Gluten-free foods have come a long way, said Natalie McEachern, owner of Glutenus Minimus, a gourmet gluten-free bakery.
Gluten-free products, once only sought by people with celiac disease, have become a $4.2 billion market. McEachern, 32, who was diagnosed with celiac disease more than a decade ago, started the Belmont bakery six years after discovering that the recipes she created at home tasted better than the baked goods she could buy in a store.
How pervasive is gluten in our everyday food?
Being gluten-free means having to religiously read food labels; not being able to go to some popular restaurants; no traditional birthday or wedding cakes, and on and on. Gluten is a protein found in wheat, barley, and other grains. It’s a big life change for someone if they find out that they have a gluten intolerance.
Why do gluten-free foods have a reputation for tasting like cardboard?
Gluten-free cookbooks, especially earlier ones, often called for obscure flours such as garbanzo bean flour, which might be excellent in hummus but not so great in cookies. When I first started exploring gluten-free cooking, I had to go to small local health food stores and special order sorghum or other difficult-to-find flours. Some of these had a strange after-taste that couldn’t be disguised, even by chocolate or peanut butter.
How is gluten-free baking different from traditional baking?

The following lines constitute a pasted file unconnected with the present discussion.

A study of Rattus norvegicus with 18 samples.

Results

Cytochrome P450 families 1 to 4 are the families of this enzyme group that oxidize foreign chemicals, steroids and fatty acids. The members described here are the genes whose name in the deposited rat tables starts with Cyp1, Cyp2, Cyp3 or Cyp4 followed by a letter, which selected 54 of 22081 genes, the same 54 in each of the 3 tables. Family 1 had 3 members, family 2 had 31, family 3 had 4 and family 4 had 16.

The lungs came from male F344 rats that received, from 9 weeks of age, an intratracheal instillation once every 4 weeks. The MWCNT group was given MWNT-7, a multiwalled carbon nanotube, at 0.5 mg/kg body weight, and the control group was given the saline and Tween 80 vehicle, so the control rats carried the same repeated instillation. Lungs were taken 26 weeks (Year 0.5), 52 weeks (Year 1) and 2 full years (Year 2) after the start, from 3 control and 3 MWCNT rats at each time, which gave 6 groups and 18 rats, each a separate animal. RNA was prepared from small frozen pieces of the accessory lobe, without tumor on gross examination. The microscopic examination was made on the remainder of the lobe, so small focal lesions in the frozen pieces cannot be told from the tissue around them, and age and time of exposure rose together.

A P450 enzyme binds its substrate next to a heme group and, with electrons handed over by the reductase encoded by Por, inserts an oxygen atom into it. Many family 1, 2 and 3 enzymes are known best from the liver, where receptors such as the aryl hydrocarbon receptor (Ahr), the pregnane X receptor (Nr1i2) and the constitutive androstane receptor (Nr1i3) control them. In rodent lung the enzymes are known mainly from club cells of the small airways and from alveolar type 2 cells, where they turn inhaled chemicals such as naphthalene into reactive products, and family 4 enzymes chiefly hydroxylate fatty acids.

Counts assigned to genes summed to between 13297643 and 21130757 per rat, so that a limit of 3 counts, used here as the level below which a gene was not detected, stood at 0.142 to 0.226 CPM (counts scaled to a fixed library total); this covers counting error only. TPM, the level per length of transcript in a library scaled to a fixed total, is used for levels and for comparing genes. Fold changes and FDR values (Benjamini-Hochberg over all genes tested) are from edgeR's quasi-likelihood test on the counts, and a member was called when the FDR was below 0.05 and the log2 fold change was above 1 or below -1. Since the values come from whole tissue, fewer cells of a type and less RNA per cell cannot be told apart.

I really need to think through and experiment with recipes. With breads, for example, more binders need to be added, whether xanthan or guar gum. And it’s definitely a game of figuring out which flours create what textures. As far as cakes, muffins, and cookies go, you have to mix gently or batter comes out like a rock.
Why are gluten-free products so expensive?
Creating gluten-free products is very involved. For one, manufacturers have to be certified to carry certain gluten-free labels. Protecting against cross-contamination requires testing batches for gluten and allergens, using special equipment, and regular cleaning of dedicated facilities. All of these increase production costs.
Do you try to accommodate other dietary and allergy restrictions at your bakery?
For so many patrons, celiac disease and gluten intolerance is just the tip of the iceberg. I see people with multiple allergies, including corn, soy, dairy, egg, and nut, so I try to come up with desserts for all. We are a resource for parents with newly diagnosed children. I keep a box of tissues on the counter because it can be overwhelming. I believe no kid should go without a birthday cake on their birthday.Cindy Atoji Keene can be reached at email@example.com.